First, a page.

Malignant bowel obstruction
- Bowel obstruction in malignancy is complex in etiology
- Underlying pathophysiology often involves combination of physical mechanical obstruction plus ileus / motility related issues, usually in patients with disseminated peritoneal metastases
- Common causes
- Pelvic malignancies, especially ovarian cancer
- GI malignancies such as colorectal pancreatic cancer
- Often a preceding waxing and waning course of nausea and vomiting with reducing frequency of bowel movements and abdominal distension for a few weeks.
- As the illness progresses an obvious mechanical bowel obstruction may develop. See Small bowel obstruction#Clinnical Features
- Lack of exercise
- Fecal impaction
- Stercoral colitis
- Bowel obstruction
- Painful anorectal disorders (e.g. anal fissure, hemorrhoids)
- Medical causes
- Constipation (peds)
- The appropriate extent of investigations and treatment varies based on how advanced the patients malignancy is as well as his or her wishes.
- CT scan
- May be appropriate if stenting or surgery would be considered
- Will often distinguish between unifocal (which may be amenable to endoscopic stenting or surgery) versus multi-focal obstructions (which portends a poor prognosis)
- In patients at high risk of a full blown malignant bowel obstruction who have no abdominal pain but increasing distension, nausea, vomiting and reducing bowel movements:
- Metoclopramide 30mg via CSCI over 24 hours
- Sodium docusate 200mg twice daily (or an alternative stool softener)
- +/- Dexamethasone 8mg daily SC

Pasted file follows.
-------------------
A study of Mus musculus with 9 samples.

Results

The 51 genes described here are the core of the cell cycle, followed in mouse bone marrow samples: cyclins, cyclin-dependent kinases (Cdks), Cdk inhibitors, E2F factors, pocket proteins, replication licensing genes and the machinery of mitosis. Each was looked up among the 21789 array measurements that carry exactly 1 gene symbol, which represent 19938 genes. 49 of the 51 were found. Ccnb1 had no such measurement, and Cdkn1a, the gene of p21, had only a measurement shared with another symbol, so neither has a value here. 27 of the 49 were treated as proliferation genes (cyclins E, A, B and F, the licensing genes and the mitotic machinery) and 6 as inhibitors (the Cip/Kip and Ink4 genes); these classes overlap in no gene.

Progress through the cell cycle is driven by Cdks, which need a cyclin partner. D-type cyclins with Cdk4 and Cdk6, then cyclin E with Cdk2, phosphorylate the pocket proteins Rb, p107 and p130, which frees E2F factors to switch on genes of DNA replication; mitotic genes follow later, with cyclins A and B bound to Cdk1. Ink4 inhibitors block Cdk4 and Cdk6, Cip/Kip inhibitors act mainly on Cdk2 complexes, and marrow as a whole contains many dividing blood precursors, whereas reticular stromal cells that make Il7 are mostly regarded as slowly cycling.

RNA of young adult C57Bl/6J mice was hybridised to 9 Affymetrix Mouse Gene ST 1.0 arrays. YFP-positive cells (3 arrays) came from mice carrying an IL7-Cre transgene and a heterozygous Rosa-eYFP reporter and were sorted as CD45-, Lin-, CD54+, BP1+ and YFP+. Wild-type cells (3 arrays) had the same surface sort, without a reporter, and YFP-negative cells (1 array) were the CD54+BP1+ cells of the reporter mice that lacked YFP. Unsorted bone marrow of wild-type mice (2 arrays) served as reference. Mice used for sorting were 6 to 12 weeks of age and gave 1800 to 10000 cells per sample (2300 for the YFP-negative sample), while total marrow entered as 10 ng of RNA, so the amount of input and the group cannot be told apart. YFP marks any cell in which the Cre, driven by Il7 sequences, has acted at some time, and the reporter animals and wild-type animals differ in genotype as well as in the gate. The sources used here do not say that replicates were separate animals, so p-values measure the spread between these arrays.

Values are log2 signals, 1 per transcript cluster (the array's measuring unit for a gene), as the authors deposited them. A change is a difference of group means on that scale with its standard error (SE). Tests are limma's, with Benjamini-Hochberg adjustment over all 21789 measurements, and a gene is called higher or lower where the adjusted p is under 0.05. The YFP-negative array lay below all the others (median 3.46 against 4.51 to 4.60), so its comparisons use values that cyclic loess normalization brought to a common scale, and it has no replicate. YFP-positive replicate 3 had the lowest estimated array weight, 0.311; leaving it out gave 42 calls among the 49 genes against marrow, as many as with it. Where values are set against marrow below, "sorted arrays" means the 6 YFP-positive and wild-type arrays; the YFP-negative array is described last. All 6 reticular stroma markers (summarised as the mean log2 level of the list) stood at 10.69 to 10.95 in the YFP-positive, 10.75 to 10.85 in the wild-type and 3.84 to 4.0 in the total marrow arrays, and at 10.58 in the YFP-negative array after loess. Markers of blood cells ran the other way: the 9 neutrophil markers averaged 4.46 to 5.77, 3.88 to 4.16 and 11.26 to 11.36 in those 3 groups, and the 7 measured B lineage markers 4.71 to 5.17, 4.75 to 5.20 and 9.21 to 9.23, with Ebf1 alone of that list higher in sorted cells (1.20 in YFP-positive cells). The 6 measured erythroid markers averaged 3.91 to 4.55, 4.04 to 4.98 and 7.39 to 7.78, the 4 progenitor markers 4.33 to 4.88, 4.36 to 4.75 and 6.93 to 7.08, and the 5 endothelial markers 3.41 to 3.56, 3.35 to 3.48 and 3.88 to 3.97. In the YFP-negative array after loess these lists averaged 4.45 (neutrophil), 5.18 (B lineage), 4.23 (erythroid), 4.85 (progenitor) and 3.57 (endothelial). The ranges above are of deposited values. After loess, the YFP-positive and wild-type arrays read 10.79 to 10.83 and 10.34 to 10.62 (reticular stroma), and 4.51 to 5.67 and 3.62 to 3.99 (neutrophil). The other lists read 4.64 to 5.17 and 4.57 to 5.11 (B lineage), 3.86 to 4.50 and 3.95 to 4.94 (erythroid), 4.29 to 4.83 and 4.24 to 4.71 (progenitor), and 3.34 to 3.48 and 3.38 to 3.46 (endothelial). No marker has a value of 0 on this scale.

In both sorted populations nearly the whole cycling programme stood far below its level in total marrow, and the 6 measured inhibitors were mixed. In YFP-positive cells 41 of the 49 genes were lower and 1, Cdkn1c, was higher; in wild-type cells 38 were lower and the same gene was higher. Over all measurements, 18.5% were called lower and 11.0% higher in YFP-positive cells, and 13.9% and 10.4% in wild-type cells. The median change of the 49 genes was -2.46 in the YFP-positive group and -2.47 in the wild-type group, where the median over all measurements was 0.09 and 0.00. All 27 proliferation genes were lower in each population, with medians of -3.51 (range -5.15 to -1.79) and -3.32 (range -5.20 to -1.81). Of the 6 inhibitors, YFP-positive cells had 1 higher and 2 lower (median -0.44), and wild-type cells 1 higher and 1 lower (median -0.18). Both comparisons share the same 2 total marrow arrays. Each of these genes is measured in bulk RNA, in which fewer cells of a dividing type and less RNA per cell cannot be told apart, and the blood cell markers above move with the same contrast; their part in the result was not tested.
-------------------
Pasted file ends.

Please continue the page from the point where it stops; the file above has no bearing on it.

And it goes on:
Clear Malignant Bowel Obstruction
- In many patients surgery or stenting is unlikely to be helpful, although for very proximal unifocal lesions or for patients otherwise very fit and healthy it may be worth considering
- Usually malignant bowel obstruction is indicative that a patient is coming into the last few weeks or month of life. A kind but frank discussion about this is usually helpful.
- If vomiting and abdominal pain are very severe, consider drainage NG tube. If severe vomiting and discomfort are not major issues then it may be best to avoid an NG tube, especially if a more comfort-based approach to treatment is being considered
- Treat vomiting and distension with anti-secretorary agents:
- Treat nausea with an anti-emetic, e.g.
- Haloperidol 2.5mg via CSCI over 24 hours
- + Haloperidol 1mg SC 2-hourly PRN for nausea
- Treat abdominal pain with an anti-spasmodic + an opioid, e.g.
- Hyoscine butylbromide 60mg via CSCI over 24 hours
- A low dose opioid via CSCI over 24 hours and SC PRN
- Also consider dexamethasone 8mg daily SC
- If intractable vomiting persists, consider a venting PEG.
- In patients where comfort and quality of life are the key concerns, IV fluids may not be helpful unless thirst is an issue.
- In patients where life-prolongation is very important, IV hydration and TPN in hospital or in the home setting may be appropriate.